Thursday, June 26, 2008

ACTA Paranoia?

ACTA paranoids - or those who are merely observant - will not be comforted by the U.S. Senate hearing that just took place regarding searching and seizure of laptops without any basis for suspicion, a practice so far vindicated by no less than the the Ninth Circuit Court of Appeals.

According to the NY Times, quoting a Homeland Security official, infringing IP is one of the things that border guards are looking for.
[Senator] Feingold expressed discontent that the Department of Homeland Security, which oversees the customs and border agency, did not send a witness to testify. He said a written statement by Jayson P. Ahern, deputy commissioner for the agency, provided “little meaningful detail on the agency’s policies.”

Mr. Ahern’s statement said that the agency’s efforts did not infringe upon privacy and that it was important to note that the agency was “responsible for enforcing over 600 laws at the border, including those that relate to narcotics, intellectual property, child pornography and other contraband, and terrorism.” (emphasis added)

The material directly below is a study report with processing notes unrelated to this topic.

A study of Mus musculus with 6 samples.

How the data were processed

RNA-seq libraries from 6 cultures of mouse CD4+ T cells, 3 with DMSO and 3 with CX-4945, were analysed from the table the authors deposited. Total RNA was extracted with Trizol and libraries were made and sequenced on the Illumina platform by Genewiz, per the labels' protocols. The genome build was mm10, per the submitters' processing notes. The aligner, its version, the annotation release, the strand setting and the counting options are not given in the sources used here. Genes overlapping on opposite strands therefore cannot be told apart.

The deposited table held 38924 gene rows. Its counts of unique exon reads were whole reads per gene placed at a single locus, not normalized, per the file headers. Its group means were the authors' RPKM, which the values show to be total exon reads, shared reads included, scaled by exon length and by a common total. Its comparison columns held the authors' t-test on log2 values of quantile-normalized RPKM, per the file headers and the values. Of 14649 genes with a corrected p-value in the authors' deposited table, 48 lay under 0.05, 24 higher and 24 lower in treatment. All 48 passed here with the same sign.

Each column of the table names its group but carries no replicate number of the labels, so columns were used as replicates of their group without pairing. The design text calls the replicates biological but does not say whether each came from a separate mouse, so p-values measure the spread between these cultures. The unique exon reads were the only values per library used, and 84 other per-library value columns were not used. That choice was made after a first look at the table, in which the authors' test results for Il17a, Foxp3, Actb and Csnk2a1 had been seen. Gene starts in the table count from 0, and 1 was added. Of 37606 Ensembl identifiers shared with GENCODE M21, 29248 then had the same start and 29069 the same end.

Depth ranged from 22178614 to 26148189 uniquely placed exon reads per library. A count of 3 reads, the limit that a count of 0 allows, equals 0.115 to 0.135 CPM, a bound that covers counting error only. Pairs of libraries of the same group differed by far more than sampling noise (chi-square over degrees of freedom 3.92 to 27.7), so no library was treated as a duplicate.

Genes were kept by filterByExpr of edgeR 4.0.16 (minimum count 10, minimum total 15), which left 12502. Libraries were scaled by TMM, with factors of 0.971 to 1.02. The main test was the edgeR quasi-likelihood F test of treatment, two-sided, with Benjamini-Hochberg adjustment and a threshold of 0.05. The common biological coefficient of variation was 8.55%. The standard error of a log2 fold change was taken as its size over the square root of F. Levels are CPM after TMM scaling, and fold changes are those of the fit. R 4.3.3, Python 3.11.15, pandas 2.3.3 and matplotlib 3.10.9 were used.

So, could a ripped CD or a downloaded unpaid for MP3 could result in action by Homeland Security?

It seems to be right up there with narcotics, child porn and terrorism. And this is pre- ACTA.

Would they really do anything about a few ripped CDs or downloaded MP3s?

Would large record companies sue children and dead grandmothers?

Today the border - tomorrow your home?

Oh, brave new world....

As I must repeatedly stress, being in favour of balance, privacy and the best use of policing resources is not tantamount to condoning piracy. It's all a question of reason and rationality.


1 comment:

  1. According to this: half of 14 to 24-year-olds in the UK are happy to share all the music on their hard drive. I think rigid enforcement, if that was even possible, and even with a full scale ACTA I doubt that it is, is unwise - it would by necessity entail significant incursions into personal privacy for what is likely ultimately going to be a failed policy.